OKLAHOMA CITY, May 19 (UPI) -- The Oklahoma Senate on Thursday approved a controversial piece of legislation that seeks to punish physicians in the state who perform abortions -- by making the practice a felony, punishable by as many as three years in state prison
Oklahoma Senate Bill No. 1552 was passed by a vote of 33-12 Thursday, which followed passage in the state's House of Representatives (59-9) last month. It now heads to Gov. Mary Fallin's desk, but it's not exactly clear what the Republican leader will do with it.
Essentially, the bill outlaws the performing of all methods of abortion within the state, clinical, clandestine or otherwise. The only exceptions are cases in which failure to abort the fetus would endanger the mother's life. Cases of rape and incest would not be exempt from the law.
Any person convicted of having performed a pregnancy termination would be punished with between one and three years in a state prison. Physicians convicted under the law would have their license to practice in Oklahoma revoked, the bill says.
"Any physician participating in the performance of an abortion shall be prohibited from obtaining or renewing a license to practice medicine in this state," the text of the legislation states.
The bill's author, Sen. Nathan Dahm, reportedly said his hope is that the proposed law will be one step in a renewed process to ultimately overturn Roe v. Wade -- the landmark 1973 Supreme Court ruling that legalized abortion in the United States.
"I believe it is a core function of state government to defend [a fetus'] life from the beginning of conception," Dahm said.
The Oklahoma Senate's only physician, Republican Ervin Yen, though, called the measure "insane" -- and said he fully expects it to be challenged in court. Other critics were also quick to condemn the move.
The proposed law would automatically be ratified if the governor doesn't take action, approval or veto, within five days. Many expect the governor, who has supported anti-abortion measures in the past, to sign off on the law.
If S.B. 1552 is signed into the books, analysts say it will almost certainly be challenged in court -- a prospect the author of the bill clearly expected, as well.
"In the event that any provision of this act is challenged in court in any action alleging a violation of either the Constitution of the United States of America or the State of Oklahoma, the Office of the Attorney General shall determine the amount of state or local funds expended to defend such action," the bill states.
Dahm said a legal group has already offered to defend the state pro bono if the law challenged in court -- a substantial help to a state that's already facing a $1.3 billion budget shortfall for fiscal 2017. A protracted legal battle, particularly one as high profile as this, would almost certainly run into the tens of millions of dollars.
"This is not a joke. Oklahoma lawmakers just passed a bill to revoke the medical licenses of any and all doctors who perform abortions," the organization wrote on its website Thursday. "The bill now heads to the governor's desk -- the same governor who tripled the forced delay for obtaining an abortion, who signed restrictions on medication abortion, AND who signed a Texas-style law designed to shut down health centers."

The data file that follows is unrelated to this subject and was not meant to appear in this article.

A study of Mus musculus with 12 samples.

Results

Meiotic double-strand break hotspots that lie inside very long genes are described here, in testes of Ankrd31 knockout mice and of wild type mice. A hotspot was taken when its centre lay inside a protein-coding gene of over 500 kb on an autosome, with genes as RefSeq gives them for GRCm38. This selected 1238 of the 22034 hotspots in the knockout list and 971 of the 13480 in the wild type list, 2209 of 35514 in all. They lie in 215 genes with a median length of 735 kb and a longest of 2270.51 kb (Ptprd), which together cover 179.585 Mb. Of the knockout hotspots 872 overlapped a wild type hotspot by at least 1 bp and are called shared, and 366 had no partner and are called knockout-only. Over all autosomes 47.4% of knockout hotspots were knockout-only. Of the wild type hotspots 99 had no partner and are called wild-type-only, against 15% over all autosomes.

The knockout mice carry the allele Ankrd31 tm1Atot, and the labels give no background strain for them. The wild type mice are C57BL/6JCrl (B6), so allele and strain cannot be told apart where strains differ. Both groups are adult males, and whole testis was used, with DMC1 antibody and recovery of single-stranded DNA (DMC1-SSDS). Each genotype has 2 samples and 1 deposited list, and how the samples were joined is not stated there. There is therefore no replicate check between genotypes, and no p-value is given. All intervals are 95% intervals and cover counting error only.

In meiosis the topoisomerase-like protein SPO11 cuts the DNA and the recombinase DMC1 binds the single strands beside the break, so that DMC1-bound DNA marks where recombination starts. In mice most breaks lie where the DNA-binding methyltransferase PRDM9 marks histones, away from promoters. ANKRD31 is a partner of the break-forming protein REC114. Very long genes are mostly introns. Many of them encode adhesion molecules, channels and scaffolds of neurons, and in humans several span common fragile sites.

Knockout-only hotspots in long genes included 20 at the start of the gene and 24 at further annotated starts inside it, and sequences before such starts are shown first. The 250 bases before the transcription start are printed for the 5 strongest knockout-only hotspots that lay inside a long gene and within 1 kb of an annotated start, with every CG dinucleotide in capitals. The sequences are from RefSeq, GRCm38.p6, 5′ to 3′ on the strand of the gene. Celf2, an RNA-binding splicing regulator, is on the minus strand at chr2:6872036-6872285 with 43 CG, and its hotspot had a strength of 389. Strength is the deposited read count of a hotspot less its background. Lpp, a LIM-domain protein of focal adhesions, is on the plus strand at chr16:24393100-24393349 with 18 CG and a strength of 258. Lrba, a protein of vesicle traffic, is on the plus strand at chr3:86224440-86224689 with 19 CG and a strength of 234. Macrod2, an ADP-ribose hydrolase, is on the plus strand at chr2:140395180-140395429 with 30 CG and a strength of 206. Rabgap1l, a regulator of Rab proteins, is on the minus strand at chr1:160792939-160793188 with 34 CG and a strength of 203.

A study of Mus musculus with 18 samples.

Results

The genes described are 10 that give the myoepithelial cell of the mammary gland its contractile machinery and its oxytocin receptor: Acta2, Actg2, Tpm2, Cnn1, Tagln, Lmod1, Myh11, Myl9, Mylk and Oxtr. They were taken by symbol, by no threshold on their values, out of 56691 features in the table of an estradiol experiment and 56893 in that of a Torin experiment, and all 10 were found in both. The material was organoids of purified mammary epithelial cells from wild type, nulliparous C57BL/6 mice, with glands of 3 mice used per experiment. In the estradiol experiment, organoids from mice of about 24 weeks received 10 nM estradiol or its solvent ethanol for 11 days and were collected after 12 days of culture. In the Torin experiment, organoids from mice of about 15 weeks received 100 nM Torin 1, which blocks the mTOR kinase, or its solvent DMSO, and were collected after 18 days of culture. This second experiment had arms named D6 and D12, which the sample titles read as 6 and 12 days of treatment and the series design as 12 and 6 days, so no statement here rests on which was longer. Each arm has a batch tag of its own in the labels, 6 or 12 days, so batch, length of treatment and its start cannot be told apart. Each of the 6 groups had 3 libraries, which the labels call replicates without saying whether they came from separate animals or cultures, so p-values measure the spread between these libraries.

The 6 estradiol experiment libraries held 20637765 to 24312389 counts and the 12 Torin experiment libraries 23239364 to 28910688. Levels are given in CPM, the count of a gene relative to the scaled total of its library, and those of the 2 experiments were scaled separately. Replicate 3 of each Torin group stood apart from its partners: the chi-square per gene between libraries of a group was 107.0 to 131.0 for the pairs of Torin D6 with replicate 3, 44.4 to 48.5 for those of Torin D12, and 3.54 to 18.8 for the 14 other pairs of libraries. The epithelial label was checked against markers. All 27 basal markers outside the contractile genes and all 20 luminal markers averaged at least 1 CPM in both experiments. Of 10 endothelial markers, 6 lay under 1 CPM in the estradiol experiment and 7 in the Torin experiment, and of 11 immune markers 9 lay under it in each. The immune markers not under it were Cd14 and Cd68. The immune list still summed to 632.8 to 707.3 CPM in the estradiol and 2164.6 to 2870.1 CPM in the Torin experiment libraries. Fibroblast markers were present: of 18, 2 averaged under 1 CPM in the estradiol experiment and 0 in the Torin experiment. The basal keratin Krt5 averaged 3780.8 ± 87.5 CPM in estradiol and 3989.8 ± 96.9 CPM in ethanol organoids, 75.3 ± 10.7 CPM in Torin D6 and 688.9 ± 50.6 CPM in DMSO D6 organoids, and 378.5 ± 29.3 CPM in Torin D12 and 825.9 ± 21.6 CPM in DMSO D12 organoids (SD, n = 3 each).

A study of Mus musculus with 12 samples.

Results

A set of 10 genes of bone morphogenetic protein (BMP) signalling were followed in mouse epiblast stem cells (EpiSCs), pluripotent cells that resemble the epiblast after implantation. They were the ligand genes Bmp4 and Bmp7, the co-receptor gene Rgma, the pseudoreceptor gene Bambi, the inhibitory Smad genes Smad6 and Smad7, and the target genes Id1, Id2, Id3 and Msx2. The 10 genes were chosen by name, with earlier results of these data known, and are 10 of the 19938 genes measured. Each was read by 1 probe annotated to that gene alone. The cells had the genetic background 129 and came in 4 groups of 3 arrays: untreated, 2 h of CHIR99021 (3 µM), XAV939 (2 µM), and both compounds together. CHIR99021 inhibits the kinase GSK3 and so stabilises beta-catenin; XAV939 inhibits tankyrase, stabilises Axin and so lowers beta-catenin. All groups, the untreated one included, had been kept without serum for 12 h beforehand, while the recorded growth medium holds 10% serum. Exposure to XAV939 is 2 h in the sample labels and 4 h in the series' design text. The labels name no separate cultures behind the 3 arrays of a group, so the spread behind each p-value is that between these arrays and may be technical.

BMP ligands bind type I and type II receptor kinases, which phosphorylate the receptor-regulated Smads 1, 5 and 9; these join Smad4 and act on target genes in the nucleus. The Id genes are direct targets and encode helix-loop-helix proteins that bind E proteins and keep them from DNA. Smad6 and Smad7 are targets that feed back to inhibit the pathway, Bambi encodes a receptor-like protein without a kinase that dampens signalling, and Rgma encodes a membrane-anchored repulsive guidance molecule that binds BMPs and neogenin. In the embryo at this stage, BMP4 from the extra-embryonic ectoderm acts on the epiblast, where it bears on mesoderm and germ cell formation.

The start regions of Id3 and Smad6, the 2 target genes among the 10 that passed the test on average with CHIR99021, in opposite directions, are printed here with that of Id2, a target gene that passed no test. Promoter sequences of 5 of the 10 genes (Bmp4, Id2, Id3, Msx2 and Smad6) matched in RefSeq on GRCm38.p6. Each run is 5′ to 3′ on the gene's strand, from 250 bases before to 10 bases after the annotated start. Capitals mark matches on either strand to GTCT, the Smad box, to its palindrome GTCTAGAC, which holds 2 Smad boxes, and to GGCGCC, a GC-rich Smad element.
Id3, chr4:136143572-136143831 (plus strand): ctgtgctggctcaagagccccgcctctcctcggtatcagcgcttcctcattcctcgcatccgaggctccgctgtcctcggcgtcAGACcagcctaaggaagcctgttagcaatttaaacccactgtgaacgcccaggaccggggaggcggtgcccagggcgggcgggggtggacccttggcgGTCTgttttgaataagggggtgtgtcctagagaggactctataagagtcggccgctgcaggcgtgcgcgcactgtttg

"This is a ban on abortion, plain and simple," the organization's executive vice president, Dawn Laguens, added. "Punishing doctors for performing a legal, medical procedure is an assault on women."
"Republicans in Oklahoma, as elsewhere, have morality upside down," Robert Reich, a member of former President Bill Clinton's cabinet, wrote on Facebook. "Instead of criminalizing a woman's right to choose, Republicans ought to criminalize CEOs who play fast and loose with their worker's safety, bankers who defraud their investors, and lawmakers who flout the U.S. Constitution (remember 'Roe versus Wade?') by criminalizing constitutional rights."
The Center for Reproductive Rights, a nonprofit advocacy group, similarly reacted with disappointment Thursday and sent Fallin a letter asking for a veto.
"The Center for Reproductive Rights strongly opposes Senate Bill 1552 and urges you to veto this blatantly unconstitutional measure," CPR Senior State Legislative Counsel for U.S. Policy Amanda Allen wrote in the letter. "This measure is harmful, discriminatory, clearly unconstitutional, and insulting to Oklahoma women and their families."
Oklahoma's recipe to make America great? Waste taxpayer money passing blatantly unconstitutional legislation to... https://t.co/RfjPGWWlAv— ilyse hogue (@ilyseh) May 19, 2016
Allen called the proposed law "the most extreme abortion law in this country since the landmark Roe v. Wade decision."
"The Supreme Court has never wavered from [abortion's legal status], despite numerous opportunities to do so," she added. "By completely banning abortions, Senate Bill 1552 wholly conflicts with all U.S. Supreme Court precedent on abortion while ignoring the integral part that abortion plays in helping to achieve equality for women."
Earlier this year, Oklahoma Senate Minority Leader John Sparks said the proposal to criminalize abortion is unconstitutional in several ways, particularly because it's an ex post facto law -- meaning it could punish offenders retroactively.
"This obviously unconstitutional bill never will withstand legal scrutiny and is designed to scare doctors and shame women," NARAL Pro-Choice America President Ilyse G. Hogue, who also sent a letter to Fallin asking for a veto, said in a news release. "It is a shameful new low for the anti-choice movement."
If the legislation is signed by Fallin, and upheld by subsequent appellate courts, it will take effect Nov. 1.